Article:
In a private meeting, JP Morgan CEO Jamie Dimon indicated that the company’s productivity levels were falling due to their employees working from home. Now, the bank is encouraging employees to return to the office.
Additionally, Google CFO Ruth Porat recently stated that in-person collaboration is essential to fostering innovation, which suggests that companies are starting to see some downfalls of remote working.
According to interior design firm Vocon’s recent survey, remote working fatigue is starting to grow as productivity drops. The survey of 450,000 employees found that there has been a 40% decrease in productivity over the past few months. One respondent added that the culture at their workplace is their key to success and attracting top talent, but that it is suffering from remote working.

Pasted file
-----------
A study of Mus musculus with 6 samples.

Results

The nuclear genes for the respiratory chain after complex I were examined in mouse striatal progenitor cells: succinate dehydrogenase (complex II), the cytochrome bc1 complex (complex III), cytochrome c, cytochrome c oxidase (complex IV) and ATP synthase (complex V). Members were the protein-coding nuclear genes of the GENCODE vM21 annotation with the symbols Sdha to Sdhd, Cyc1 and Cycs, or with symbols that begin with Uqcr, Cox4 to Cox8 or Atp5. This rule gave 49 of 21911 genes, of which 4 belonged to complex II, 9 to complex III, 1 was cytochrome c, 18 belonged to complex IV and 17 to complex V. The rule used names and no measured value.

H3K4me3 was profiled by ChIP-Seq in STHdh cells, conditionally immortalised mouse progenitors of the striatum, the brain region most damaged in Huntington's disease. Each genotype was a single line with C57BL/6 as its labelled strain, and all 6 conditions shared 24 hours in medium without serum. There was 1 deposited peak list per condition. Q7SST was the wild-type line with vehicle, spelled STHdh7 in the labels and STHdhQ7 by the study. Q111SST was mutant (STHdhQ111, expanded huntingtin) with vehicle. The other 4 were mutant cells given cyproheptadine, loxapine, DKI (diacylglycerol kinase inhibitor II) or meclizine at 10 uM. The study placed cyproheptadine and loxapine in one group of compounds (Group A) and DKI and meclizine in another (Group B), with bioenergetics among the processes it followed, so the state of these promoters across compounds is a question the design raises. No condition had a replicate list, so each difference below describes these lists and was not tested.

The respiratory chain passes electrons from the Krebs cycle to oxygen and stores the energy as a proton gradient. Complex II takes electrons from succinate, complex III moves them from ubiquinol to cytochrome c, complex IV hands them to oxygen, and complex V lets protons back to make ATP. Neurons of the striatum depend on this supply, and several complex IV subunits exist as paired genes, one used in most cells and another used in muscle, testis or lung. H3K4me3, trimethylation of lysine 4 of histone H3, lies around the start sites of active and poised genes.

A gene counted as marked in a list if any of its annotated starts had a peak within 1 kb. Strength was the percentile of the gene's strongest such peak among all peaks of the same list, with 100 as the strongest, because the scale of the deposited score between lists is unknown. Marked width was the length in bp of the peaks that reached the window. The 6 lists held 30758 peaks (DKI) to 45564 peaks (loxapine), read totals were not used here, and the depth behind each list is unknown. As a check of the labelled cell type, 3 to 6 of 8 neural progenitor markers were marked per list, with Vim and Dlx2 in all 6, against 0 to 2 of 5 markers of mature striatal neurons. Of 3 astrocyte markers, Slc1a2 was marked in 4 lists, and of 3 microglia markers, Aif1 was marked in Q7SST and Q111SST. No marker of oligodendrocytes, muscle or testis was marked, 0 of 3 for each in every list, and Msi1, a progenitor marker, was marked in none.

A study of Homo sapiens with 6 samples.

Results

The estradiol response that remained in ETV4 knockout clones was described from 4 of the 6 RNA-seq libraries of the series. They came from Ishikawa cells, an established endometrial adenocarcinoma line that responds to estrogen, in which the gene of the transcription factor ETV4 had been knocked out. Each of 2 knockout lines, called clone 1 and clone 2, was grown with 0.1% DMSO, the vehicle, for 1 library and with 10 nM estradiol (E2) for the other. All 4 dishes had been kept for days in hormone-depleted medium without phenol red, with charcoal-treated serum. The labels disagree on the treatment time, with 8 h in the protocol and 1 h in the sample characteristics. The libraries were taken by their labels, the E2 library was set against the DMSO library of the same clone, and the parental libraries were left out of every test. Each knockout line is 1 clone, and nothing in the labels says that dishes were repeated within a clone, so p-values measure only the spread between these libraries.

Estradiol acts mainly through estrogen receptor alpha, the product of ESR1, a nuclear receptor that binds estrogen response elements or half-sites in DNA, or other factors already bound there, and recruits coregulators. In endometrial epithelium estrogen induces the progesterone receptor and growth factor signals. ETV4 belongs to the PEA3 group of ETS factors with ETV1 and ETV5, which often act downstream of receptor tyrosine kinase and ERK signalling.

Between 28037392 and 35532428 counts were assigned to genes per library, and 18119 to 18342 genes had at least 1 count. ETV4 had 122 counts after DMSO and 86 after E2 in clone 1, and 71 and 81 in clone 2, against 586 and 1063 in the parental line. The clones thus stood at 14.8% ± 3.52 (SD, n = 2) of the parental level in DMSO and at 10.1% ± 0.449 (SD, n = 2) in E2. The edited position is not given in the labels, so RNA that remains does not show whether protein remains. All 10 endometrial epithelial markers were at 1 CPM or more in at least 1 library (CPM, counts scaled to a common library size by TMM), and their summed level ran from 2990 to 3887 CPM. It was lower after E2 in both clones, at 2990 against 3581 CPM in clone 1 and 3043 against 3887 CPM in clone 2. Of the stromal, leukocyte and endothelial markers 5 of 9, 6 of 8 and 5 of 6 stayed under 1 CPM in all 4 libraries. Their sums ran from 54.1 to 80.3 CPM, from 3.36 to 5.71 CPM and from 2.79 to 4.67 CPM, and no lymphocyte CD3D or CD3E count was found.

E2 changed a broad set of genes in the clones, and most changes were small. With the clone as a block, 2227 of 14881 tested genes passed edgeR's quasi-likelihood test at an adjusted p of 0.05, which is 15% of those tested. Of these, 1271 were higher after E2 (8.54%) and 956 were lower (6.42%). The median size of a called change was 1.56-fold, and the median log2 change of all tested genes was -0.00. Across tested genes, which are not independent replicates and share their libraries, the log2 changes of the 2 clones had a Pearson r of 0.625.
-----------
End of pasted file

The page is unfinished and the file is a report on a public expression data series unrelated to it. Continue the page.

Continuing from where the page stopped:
The September survey produced vastly different results than the one conducted in April, which revealed that 56% of business leaders viewed productivity levels as excellent.
Knowing this, we can expect companies to opt for a hybrid approach that allows employees to work from home and in the office for at least part of the time to meet the needs of all work styles.
“Each business leader is faced with a host of considerations, and they must select the solution that works for their unique circumstances,” said Megan Spinos, director of strategy at Vocon. “There is no one size fits all solution, and every organization must assess what is right for them and customize their own approach.”
Aayat is an editor for the Daily Digest based in Lexington, Kentucky. She has worked with local coworking spaces since August of 2017 and enjoys taking her firsthand knowledge to write about the fascinating, constantly evolving world of flexible workspaces.